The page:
How We Began Raising Pastured Poultry
“Wouldn’t it be great to have our own hens so we don’t have to buy eggs at the store!” Already advocates of homegrown vegetables and living an organic lifestyle, it was a natural step for us to begin raising our own poultry.
We started with 4 pullets purchased from a commercial egg farm. Our 4 birds have gradually expanded to approximately 200 pastured birds. It’s been a lot of work, but we feel good about what we are doing, and it’s obvious that the birds are very happy to be out in the sun and enjoying nature.
A Hen’s Life in the Great Outdoors
We had a hen house built from a design we saw online, and fenced in an area for them to forage. After picking up our birds (in a dog crate!), and moving them into their new hen house, we were shocked to discover that they were terrified to go outside! Having been raised in a commercial building with thousands of other birds, they had never been outside.
They were afraid of the sun. They were even afraid to step on grass. We finally forced then into the outside enclosure where at first, they just huddled in a tiny shaded corner. It took some time, but finally they learned that sunshine and grass were good things and our girls were off and running.
We also discovered that their upper beak had been cut back, which was appalling. This is done in commercial settings to prevent the birds from pecking each other when they are crowded. Needless to say, there was no more crowding for our girls, and their beaks eventually began to grow back (sort of like a fingernail).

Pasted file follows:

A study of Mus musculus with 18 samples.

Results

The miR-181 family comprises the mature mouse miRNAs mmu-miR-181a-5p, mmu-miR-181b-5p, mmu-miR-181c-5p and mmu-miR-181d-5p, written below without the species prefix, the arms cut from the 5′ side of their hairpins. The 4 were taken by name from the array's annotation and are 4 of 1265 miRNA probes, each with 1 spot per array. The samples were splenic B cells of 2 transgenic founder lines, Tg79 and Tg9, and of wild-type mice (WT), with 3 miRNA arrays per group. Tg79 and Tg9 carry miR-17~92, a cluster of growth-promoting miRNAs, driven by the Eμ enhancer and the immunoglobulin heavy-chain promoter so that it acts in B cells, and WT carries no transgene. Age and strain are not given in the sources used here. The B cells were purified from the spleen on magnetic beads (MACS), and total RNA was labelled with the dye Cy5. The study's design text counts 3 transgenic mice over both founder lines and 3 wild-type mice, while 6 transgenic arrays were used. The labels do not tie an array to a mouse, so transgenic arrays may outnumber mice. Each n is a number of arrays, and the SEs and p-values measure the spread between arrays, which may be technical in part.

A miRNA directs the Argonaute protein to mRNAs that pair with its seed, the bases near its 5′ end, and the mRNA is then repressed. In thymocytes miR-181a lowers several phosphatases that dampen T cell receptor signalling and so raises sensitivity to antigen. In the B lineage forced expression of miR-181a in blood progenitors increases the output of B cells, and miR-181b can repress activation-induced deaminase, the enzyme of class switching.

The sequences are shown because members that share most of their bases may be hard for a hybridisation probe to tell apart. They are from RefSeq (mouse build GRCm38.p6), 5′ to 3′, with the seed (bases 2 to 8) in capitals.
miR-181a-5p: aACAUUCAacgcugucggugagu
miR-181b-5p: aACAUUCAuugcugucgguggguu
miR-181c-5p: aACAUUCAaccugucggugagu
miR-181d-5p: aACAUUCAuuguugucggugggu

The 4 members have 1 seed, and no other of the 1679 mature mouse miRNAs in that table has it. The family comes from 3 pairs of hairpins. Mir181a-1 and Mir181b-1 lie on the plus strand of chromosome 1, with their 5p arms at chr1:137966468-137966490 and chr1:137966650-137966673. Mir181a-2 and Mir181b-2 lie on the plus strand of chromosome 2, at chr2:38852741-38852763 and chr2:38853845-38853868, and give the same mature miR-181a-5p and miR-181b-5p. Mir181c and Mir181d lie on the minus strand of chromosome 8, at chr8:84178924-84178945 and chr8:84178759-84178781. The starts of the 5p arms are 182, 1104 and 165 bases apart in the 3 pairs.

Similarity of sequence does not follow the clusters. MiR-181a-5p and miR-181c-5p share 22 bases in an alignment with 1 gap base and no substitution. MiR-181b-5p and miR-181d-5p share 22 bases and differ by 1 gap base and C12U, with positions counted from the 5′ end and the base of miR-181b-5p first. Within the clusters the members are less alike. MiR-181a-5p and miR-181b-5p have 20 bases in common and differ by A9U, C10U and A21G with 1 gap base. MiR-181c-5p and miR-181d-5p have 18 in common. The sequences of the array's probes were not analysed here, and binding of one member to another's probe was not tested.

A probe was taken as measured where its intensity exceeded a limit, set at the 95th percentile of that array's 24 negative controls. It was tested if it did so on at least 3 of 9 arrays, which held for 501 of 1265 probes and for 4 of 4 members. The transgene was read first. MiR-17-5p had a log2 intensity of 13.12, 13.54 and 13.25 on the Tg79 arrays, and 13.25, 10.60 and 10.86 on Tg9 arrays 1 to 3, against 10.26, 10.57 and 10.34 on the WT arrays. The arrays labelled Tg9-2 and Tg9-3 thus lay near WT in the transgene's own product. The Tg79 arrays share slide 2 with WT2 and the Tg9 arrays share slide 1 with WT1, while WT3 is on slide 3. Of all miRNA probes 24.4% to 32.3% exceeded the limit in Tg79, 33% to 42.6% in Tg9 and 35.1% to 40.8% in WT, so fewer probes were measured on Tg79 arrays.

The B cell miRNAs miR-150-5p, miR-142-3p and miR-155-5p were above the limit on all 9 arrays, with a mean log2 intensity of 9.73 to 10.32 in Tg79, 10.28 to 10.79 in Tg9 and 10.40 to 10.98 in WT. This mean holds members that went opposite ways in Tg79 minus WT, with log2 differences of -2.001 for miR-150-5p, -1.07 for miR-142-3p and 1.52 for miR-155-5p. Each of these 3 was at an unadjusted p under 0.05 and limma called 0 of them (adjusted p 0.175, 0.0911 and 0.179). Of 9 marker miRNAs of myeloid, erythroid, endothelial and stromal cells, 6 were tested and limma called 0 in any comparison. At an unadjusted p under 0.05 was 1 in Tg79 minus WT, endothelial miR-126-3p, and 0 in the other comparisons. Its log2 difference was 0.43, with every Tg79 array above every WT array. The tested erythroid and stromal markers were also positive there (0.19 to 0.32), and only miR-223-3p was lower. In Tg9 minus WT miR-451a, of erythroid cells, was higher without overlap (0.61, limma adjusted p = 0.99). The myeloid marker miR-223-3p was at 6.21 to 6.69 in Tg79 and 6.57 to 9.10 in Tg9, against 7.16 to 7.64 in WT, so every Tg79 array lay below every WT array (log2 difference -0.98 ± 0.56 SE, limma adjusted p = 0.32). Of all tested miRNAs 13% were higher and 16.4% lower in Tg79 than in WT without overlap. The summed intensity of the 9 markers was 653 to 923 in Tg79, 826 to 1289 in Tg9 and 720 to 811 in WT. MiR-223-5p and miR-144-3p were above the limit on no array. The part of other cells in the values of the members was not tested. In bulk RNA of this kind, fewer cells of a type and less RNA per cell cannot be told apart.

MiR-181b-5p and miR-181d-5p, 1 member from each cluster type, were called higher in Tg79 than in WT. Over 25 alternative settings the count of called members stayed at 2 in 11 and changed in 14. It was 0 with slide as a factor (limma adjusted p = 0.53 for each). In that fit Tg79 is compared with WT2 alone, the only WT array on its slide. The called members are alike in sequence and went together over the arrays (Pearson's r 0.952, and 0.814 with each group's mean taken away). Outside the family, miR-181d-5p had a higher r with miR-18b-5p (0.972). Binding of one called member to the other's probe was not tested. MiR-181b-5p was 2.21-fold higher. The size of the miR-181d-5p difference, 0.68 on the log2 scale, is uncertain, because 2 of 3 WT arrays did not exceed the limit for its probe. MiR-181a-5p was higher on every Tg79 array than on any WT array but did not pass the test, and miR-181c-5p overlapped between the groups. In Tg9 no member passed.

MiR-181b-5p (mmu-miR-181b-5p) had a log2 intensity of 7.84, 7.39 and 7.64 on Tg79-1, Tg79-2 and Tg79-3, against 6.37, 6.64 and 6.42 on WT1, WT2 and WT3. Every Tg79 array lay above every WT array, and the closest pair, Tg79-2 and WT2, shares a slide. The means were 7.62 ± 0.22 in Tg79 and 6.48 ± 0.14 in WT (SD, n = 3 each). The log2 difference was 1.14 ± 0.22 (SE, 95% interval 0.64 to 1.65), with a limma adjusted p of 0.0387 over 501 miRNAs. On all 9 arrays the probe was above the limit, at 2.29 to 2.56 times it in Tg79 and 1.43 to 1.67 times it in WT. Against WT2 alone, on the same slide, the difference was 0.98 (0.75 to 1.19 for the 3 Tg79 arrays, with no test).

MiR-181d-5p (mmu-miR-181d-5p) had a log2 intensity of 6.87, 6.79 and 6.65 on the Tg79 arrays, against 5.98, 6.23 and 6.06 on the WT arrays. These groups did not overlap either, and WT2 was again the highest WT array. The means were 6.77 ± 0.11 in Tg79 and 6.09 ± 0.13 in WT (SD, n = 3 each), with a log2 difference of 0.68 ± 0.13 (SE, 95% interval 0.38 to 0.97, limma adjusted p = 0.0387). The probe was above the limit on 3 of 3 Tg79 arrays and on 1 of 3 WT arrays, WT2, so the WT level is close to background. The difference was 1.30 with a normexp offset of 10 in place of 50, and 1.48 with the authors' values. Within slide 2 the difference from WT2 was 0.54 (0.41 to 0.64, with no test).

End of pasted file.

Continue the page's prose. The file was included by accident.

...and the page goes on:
Inspired, we decided to expand our flock with other breeds of chickens, especially Heritage breeds which are becoming harder to find. We wanted to compare their egg production, egg color, temperament, and to just have fun with different birds.
We love the mix of different colored eggs. Blue from the Ameraucana, dark brown from the Wheaten Marans and Welsummers and various shades of tan/beige from the other girls. There is one white egg layer in the mix (we think she is a Houdan, but not pure so we won’t breed her).
The Chicken Tractor – A Movable Chicken Enclosure
As our brood expanded, we soon found out that a grassy enclosure doesn’t stay grassy for long when chickens are living there. Before long, it looked pretty much like a lunar landscape. This led to the next phase of our chicken-raising enterprise…the chicken tractor.
A chicken tractor is a movable chicken enclosure for moving birds to different areas to forage. Some even include roosting and nesting areas as well as a foraging area. The choices and designs are limited only by your imagination, and what works for you.
We build portable roosting houses with a separate movable nesting house. Our birds are out on pasture surrounded by fencing and we move them to a new area once a week. There are lots of predators out there, so we bought electronet fencing for protection along with a solar fence charger.